Ellora’s Cave, $7.99, ISBN 978-1-4199-0979-5
Paranormal Erotica, 2007
This Indigo Spell that I’m reading is a revised and expanded edition of the book of same name that was previously published by Triskelion Publishing back in 2004. I have no idea what has been expanded or revised though.
Tess Montgomery, a Charleston socialite, is dragged by her more outgoing friend Belinda to a charity Bachelor Auction of the Caring Hearts Home under false pretenses. Belinda told her they were going to an art auction, you see, because bachelor auctions are so scandalous or something. I don’t know. Usually when something like bachelor auctions become a staple plot device in a line like Harlequin Blaze, it automatically loses any credibility as something scandalous or sexy. Anyway, Belinda’s bid wins them a date with the handsome Mount Pleasant (snicker) contractor Jaxon Richards and since Belinda is married, the date belongs to Tess.
Jaxon, like Tess, is dragged to the Bachelor Auction under less than truthful circumstances. His brother Harry left out the part where he’s supposed to act on stage like a stripper at Aunt Bertha’s 87th birthday bash in a Vegas club, for one. But one look at Tess and he’s muah-muah’ing her on the lips while the others watching them clap and hoot in encouragement. I love it when rich people legalize prostitution in the name of saving the kiddies. Anyway, what Tess doesn’t realize is that Jaxon is an immortal wizard and her Harlequin Blaze story will soon transform into a tale of Evil Witches Wanting to Kill the Good Wizards.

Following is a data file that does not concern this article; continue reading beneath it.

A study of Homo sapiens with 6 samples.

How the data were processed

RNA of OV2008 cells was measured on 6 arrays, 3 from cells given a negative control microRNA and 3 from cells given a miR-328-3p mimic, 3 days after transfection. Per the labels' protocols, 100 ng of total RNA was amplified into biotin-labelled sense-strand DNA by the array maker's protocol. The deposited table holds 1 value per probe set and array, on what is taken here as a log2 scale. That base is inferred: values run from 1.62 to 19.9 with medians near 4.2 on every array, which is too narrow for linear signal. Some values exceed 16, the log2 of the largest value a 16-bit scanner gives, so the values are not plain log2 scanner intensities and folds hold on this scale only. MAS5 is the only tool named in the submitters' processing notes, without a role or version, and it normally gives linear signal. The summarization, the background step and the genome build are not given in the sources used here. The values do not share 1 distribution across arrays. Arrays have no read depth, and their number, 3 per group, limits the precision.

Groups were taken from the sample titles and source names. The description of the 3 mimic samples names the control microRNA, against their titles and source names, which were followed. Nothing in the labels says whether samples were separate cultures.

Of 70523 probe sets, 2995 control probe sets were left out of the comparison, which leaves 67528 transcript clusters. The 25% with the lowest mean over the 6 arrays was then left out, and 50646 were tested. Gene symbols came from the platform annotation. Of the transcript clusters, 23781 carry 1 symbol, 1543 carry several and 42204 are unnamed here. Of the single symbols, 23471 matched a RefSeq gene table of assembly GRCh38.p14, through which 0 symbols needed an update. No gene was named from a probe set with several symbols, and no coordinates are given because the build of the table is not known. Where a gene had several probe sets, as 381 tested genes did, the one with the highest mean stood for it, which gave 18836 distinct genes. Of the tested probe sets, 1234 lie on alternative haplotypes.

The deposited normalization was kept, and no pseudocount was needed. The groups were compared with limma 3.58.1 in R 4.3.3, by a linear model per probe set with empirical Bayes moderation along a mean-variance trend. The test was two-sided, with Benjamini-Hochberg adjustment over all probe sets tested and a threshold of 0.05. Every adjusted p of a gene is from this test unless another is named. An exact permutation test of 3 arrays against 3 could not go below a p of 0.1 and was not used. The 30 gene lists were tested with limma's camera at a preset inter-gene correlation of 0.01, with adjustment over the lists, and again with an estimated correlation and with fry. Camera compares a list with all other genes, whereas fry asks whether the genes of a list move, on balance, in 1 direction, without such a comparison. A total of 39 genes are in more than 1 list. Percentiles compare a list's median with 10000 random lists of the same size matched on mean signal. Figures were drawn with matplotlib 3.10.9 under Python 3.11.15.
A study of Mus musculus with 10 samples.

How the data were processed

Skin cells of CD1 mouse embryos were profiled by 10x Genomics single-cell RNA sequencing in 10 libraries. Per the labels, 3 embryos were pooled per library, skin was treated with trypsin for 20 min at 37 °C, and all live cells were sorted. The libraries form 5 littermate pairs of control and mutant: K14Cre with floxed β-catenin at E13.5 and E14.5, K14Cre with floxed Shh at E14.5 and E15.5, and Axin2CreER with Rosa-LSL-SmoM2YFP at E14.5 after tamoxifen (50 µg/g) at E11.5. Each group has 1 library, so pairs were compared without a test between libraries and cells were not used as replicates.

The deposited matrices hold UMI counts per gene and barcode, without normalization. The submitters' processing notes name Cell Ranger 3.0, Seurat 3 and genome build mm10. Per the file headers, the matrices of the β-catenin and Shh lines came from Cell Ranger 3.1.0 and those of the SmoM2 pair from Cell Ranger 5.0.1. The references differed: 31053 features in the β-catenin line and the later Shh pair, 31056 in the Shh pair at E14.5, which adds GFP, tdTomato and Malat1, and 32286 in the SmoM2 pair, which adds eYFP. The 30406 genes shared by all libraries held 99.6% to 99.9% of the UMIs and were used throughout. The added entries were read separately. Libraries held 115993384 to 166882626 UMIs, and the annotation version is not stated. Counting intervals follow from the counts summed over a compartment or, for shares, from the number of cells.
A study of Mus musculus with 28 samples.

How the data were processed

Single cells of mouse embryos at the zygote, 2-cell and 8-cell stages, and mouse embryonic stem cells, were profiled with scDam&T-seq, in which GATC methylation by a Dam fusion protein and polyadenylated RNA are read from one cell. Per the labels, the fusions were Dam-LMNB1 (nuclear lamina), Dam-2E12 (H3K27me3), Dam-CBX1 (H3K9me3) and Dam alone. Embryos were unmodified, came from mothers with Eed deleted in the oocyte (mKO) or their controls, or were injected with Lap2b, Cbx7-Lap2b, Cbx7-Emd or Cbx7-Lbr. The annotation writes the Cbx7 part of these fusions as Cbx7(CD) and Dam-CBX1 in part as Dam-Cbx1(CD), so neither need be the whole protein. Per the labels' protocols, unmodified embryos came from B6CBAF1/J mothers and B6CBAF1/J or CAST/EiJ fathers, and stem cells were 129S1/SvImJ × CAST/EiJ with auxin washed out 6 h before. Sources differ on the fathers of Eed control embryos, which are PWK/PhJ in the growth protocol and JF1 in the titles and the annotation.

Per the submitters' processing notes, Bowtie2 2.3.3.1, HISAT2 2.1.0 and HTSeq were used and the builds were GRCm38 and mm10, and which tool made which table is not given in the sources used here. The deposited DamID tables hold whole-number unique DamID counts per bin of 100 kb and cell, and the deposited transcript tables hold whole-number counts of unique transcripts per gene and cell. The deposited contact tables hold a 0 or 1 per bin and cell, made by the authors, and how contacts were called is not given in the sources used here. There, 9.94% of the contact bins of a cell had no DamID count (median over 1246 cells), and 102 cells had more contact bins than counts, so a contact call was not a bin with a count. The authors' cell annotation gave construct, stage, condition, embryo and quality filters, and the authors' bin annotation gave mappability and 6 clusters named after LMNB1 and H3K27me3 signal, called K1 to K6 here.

Indigo Spell is a “Bear with me, it’ll get better” book. At the start, I find Jaxon a complete bore. He starts out a patronizing and smarmy jerk who is so convinced that Tess wants him while making all kinds of bizarre judgment about her personality and decisions for the two of them. But as the story progresses, he slowly becomes less of a boor and more of a disagreeable but adorable big puppy kind of character. He’s still somewhat high-handed and he can act like a disagreeable know-it-all at times, but he’s actually a softie where Tess is concerned, how adorable. Tess too gets better as a character as the story progresses. She starts out an annoying “Eeek! I wanna have sex but I’m a good gal and sex is so… so… eeek!” heroine one can find in too many sexy or erotic romances out there but she soon morphs into a pretty smart woman who doesn’t take crap from anyone. She’s also pretty sneaky, I notice, because in this story Tess more often than not gets her way while letting Jaxon believe that he’s in charge of making all the decisions for the two of them, heh. Their relationship is an enjoyable one to read, with enough sexual chemistry to spice things up. Jaxon can sometimes be very sweet that he surprises me as well as Tess, which also adds to the charm that is the romance.
I also find myself liking the secondary romance between the villainess Athena and Jaxon’s brother Braeden and how author Rachel Carrington introduces various shades of gray in the plot where no one, not the designated good guys or the designated bad guys, has the absolute claim to being right or wrong.
Indigo Spell can be rough around the edges, especially when the author abruptly shifts her story from a Harlequin Blaze-like tale into a tale of magic and sorcery in a transition that isn’t exactly smooth. But overall, this is a most enjoyable story. I am so sure that I would be annoyed thoroughly by the main characters after the few first chapters of this book but boy, I find them too adorable by the last page. How did that happen?